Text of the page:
One of the gifts that I got from the Schmidt side of my family, is the love to movies. As a child, I was often taken to movie theaters by my grandparents and uncle. It always was one of the most exciting and pleasurable parts of my childhood. My sister, cousin, and I were introduced to a full spectrum at cinema, everything from Walt Disney movies to westerns. Many of the films that I saw at the time remain my lifetime favorites.
One day in 1963, I was informed by my mother that my grandparents wanted to take me and my sister (I assume she was along) to a movie. I asked, “What movie?” and was told a Harold Lloyd film. I had never heard of Harold Lloyd and so asked who that was. My mother told me that Harold Lloyd was an old time, slap-stick, comedian, who was my Grandfather Schmidt’s favorite. (“Pop, never passed up a Harold Lloyd movie.”) I still didn’t know what to expect, but I was alway ready and eager to go to the movies.
That night Harold Lloyd became my favorite old time comedian too. “Harold Lloyd’s World of Comedy” made such an impression on me that I still have the review of the movie which I cut out of the local paper in 1963, the day after I saw it. I could never understand why with the fame of his contemporaries (Charlie Chaplin, and Buster Keaton), Lloyd is still relatively unknown.
When movies started to come out on video tape, I looked for the film, but it never seemed to be available. I bought some tapes of Chaplin and the Little Rascals, but my wish of having Lloyd’s World of Comedy remained unfulfilled. Then a month or so ago, I noticed that it was being shown one night on Turner Classic Movies, I recorded it and finally got to see it again.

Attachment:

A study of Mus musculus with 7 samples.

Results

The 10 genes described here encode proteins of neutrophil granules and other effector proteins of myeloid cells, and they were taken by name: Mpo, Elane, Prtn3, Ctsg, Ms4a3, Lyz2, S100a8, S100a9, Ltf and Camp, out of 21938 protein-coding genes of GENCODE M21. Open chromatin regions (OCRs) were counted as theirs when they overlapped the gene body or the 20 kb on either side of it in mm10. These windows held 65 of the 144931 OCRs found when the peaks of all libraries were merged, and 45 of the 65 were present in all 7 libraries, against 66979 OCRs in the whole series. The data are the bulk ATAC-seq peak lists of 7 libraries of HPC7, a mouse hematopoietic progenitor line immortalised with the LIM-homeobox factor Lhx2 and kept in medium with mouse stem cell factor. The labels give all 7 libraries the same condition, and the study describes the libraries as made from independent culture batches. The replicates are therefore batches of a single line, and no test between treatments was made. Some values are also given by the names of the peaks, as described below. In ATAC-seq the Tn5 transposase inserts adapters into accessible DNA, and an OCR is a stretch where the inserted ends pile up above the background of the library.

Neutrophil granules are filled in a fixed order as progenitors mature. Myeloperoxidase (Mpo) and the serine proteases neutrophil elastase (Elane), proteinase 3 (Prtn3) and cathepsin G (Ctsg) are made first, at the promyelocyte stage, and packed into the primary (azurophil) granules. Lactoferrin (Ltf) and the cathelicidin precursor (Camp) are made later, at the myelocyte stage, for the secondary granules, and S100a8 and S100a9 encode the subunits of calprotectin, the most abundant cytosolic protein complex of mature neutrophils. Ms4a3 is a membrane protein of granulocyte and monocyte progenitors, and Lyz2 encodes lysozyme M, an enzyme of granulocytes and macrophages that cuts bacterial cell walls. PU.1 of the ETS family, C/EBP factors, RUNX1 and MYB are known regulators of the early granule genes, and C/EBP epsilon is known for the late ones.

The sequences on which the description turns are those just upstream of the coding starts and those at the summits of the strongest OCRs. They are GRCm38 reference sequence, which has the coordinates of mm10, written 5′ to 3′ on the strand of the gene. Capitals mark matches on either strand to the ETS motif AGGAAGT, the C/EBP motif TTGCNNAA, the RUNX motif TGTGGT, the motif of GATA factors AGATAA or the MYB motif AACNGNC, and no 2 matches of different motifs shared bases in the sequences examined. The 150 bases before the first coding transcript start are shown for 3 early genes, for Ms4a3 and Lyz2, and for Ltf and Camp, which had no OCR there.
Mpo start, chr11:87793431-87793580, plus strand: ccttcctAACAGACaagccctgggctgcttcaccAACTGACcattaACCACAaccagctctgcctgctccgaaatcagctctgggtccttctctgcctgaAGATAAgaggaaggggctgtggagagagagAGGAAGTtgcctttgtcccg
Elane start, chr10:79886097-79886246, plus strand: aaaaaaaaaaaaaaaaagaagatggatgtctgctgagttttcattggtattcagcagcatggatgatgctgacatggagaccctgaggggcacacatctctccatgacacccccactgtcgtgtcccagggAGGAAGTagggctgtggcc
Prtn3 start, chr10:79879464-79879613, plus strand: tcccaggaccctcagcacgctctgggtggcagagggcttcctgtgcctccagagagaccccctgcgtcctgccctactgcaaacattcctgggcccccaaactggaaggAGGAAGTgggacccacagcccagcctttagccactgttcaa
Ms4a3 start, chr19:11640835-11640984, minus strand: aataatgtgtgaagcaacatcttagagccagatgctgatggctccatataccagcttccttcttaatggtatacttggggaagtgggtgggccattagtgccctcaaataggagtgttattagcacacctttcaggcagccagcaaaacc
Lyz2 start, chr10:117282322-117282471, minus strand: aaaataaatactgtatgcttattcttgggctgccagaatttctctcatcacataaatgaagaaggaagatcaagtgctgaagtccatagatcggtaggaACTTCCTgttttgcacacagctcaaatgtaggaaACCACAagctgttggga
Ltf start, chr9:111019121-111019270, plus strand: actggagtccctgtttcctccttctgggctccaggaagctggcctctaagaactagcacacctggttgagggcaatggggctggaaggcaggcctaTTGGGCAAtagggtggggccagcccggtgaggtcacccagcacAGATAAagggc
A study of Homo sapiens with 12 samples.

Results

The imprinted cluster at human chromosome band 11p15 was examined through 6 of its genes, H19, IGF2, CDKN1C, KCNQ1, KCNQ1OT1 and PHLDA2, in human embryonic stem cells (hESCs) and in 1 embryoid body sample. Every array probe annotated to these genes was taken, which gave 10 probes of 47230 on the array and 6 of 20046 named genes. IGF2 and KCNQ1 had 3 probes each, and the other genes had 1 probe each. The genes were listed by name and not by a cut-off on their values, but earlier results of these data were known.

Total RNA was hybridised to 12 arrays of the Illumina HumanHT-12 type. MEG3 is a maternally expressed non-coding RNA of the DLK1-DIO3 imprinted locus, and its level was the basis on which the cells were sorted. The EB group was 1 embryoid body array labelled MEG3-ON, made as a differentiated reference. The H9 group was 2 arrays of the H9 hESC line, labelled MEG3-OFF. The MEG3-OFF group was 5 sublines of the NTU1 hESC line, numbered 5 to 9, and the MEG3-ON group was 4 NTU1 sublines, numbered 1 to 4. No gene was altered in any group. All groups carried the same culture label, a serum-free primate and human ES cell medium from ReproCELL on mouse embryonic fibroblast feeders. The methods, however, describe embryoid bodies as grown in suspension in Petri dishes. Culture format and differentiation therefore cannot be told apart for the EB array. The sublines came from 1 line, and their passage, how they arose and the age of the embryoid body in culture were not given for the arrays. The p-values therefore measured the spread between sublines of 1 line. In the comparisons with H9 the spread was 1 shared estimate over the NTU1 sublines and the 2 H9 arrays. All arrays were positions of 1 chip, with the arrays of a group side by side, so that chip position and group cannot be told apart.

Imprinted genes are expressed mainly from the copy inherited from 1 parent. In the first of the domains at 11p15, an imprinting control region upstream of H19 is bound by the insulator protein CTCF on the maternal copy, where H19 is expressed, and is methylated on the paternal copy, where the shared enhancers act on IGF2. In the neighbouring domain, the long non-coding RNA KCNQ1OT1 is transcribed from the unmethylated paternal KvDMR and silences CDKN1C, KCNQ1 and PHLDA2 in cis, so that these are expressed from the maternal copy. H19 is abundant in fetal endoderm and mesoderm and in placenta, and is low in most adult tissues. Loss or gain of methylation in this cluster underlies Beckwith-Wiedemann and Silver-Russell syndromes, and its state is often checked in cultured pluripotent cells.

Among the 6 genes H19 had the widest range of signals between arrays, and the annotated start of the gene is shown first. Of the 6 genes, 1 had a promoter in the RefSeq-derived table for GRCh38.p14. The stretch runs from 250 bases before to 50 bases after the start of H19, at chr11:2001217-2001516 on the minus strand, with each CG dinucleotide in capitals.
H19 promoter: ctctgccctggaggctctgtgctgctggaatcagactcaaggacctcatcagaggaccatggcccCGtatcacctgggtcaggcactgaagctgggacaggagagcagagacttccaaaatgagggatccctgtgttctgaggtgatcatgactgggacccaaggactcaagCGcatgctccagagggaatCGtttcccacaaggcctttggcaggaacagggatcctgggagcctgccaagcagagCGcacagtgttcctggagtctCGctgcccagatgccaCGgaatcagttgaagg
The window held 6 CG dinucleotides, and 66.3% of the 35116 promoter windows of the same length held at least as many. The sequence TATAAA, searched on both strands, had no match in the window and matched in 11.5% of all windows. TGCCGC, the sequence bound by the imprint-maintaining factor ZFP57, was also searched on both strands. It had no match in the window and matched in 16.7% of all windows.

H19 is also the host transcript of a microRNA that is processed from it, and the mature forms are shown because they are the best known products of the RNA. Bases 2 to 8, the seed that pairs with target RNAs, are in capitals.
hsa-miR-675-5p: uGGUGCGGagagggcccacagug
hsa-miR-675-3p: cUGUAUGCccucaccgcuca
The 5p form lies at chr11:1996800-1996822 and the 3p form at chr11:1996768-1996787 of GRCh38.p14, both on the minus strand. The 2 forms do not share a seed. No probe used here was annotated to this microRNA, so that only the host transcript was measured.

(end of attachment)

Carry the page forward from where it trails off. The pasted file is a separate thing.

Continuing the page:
After all these years, and a lifetime later, I still found myself laughing, and on the edge of my seat, as Harold Lloyd dangled from the hands of a clock at the top of a skyscraper, and teetered and clung to a wobbly scaffold, high above the streets of a city. It was so nerve-wracking and funny, it was almost a relief when the film finally ended.
I looked again at the Turner Classic Movie store for the film on DVD. I would still like to buy it, but while some of his other films (“Safety Last” and “The Freshman”) are available, “Harold Lloyd’s World of Comedy,” which is a compilation of some of his best bits, is not. At least now, I have the recording of it that I took when it was shown on TV.